The Headstone Tunnel on the Monsal Trail. Photo: Norman Caesar CC-BY-SA-2.0

The Headstone Tunnel on the Monsal Trail. Photo: Norman Caesar CC-BY-SA-2.0

National park bosses are seeking the views of walkers and cyclists about how they should manage four trails that offer 55km (34 miles) of recreational routes.

The Peak District National Park Authority has started a public consultation on its plans for the four trails, including the Monsal Trail, where four old railway tunnels were recently reopened to improve access.

The authority said the four trails, the Tissington Trail, High Peak Trail, Thornhill Trail and the Monsal route are used by thousands of walkers, cyclists and horse-riders each year.

The authority admits the popularity of some of the routes, particularly the Monsal Trail, has put pressure on local communities, and is looking to promote responsible use of the trails.

It says in its proposed five-year plan that it wants to keep the Monsal and Thornhill Trails open to the public even though they are concessionary routes unless conditions become temporarily hazardous due, for instance to icing of tunnels in winter.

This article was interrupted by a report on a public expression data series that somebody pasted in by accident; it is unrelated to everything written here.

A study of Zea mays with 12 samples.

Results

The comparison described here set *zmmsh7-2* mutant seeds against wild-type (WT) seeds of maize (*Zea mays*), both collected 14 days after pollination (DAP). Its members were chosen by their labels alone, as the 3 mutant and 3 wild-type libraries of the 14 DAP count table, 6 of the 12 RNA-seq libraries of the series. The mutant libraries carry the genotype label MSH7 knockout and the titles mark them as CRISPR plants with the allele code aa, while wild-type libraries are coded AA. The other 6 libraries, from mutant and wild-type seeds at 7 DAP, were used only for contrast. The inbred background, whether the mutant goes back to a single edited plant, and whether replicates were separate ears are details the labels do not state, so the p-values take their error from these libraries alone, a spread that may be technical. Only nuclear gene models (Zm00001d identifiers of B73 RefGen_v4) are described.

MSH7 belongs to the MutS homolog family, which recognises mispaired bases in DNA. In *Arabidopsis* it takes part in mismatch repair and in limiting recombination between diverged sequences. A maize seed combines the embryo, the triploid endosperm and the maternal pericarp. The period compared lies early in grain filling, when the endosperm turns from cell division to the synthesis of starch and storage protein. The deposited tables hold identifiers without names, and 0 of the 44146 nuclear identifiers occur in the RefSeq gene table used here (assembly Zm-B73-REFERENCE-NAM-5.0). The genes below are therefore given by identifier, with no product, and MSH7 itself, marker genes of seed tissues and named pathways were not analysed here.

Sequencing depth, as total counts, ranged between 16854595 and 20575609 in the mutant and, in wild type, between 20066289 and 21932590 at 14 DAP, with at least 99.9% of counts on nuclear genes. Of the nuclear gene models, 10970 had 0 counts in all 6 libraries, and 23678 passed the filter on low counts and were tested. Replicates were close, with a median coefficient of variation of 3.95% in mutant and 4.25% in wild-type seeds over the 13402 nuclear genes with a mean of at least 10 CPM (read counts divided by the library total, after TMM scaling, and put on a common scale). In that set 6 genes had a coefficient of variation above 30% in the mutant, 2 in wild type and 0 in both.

A six-week consultation is now underway on the management of the four routes, which all follow disused railway lines.

The draft management plan was drawn up with the help of user groups in a series of workshops over the past year, plus a Trails Saturday when trail users were asked to fill in surveys.

It includes action plans for managing the trails and their verges, optimising their benefits and promoting people’s awareness and understanding of their setting, history and habitats.

Trails manager Abi Ball said: “Given the importance of the trails to local people and visitors, we’d like to give people the opportunity to comment on the plan which is available to view and download from our website. Any comments should be emailed to me.”

The ultimate goal is to create a White Peak Loop, connecting the Tissington, High Peak and Monsal Trails with the towns of Matlock and Buxton.

“This would deliver an unrivalled access resource, which is safe and accessible to all, and it would help enable sustainable travel choices to be made and thereby relieve many of the current management issues associated with the trails,” the authority said.